Whole Foods’ store expansion
Whole Foods Market (WFM) operates 433 stores, 414 of which, or 96%, are based in the United States, ten in Canada, and nine in the United Kingdom, as of September 2015. Whole Foods has a target of opening approximately 30 new stores in fiscal 2016 and expects to hit the 500-store mark by 2017. Over the long term, the company sees a potential for 1,200 Whole Foods stores in the US alone. With its new 365 format expected to be launched in 2016, the management sees growth opportunity beyond 1,200 stores.
Sales per square foot trend
Whole Foods’ store performance has long been one of the envies of the grocery industry. The company gave one of the best sales per square foot during the past five fiscal years (fiscal 2011–fiscal 2015). During that five-year period, sales per square foot for the company averaged ~$950, compared to Kroger Company’s (KR) $623, The Fresh Market’s (TFM) $497, and Supervalu’s (SVU) $573.
Whole Foods has only trailed Costco Wholesale Corporation (COST) in per-foot sales metrics—Costco averaged more than $1100 between fiscal 2011 and fiscal 2015—but we should note that Costco operates more as a wholesaler, focusing on bulk sales. Whole Foods is looking at a per-square-foot growth of 7% or greater in fiscal 2016.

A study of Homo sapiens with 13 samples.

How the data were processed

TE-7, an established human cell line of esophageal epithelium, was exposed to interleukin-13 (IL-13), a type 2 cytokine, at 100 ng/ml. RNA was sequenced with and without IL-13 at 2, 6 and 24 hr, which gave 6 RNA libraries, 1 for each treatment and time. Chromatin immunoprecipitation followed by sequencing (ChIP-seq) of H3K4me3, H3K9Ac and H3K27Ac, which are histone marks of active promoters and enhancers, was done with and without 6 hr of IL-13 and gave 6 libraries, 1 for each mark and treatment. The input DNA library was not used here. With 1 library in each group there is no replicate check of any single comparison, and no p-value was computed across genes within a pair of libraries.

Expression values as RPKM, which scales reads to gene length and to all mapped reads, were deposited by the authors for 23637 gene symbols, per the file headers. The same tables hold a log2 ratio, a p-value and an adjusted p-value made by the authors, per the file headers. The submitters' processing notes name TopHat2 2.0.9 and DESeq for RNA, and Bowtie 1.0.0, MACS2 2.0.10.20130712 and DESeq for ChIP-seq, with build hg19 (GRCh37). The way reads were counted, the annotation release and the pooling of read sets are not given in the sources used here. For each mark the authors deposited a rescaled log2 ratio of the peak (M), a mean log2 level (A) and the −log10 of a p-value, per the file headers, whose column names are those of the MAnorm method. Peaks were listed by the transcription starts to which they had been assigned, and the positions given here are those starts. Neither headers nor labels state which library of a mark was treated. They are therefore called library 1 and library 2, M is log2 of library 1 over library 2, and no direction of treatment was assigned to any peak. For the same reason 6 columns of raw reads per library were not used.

We should note here that the above comparison is for Whole Foods’ latest fiscal year, fiscal 2015, which ended on September 27, 2015. The year-end dates for fiscal 2015 for the above retailers are as follows:
- Costco—August 30, 2015
- Kroger—January 31, 2015
- Whole Foods—September 27, 2015
- The Fresh Market—January 25, 2015
- Wal-Mart Stores—January 31, 2015
EBITDA per square footage
Whole Foods boasts best-in-class in EBITDA per square foot, which stood at $91 in fiscal 2015, compared to The Fresh Market’s $49 and Kroger’s $31.
ETF exposures and what’s next
Whole Foods (WFM) has exposure in the VanEck Vectors Retail ETF (RTH) (around 1.6% weightage) along with Wal-Mart (WMT), Costco (COST), and Kroger (KR), which have weights of 6.4%, 5.5%, and 4.7%, respectively.
Continue to the next part of this series for a look at Whole Foods’ sales growth in comparison with its margins.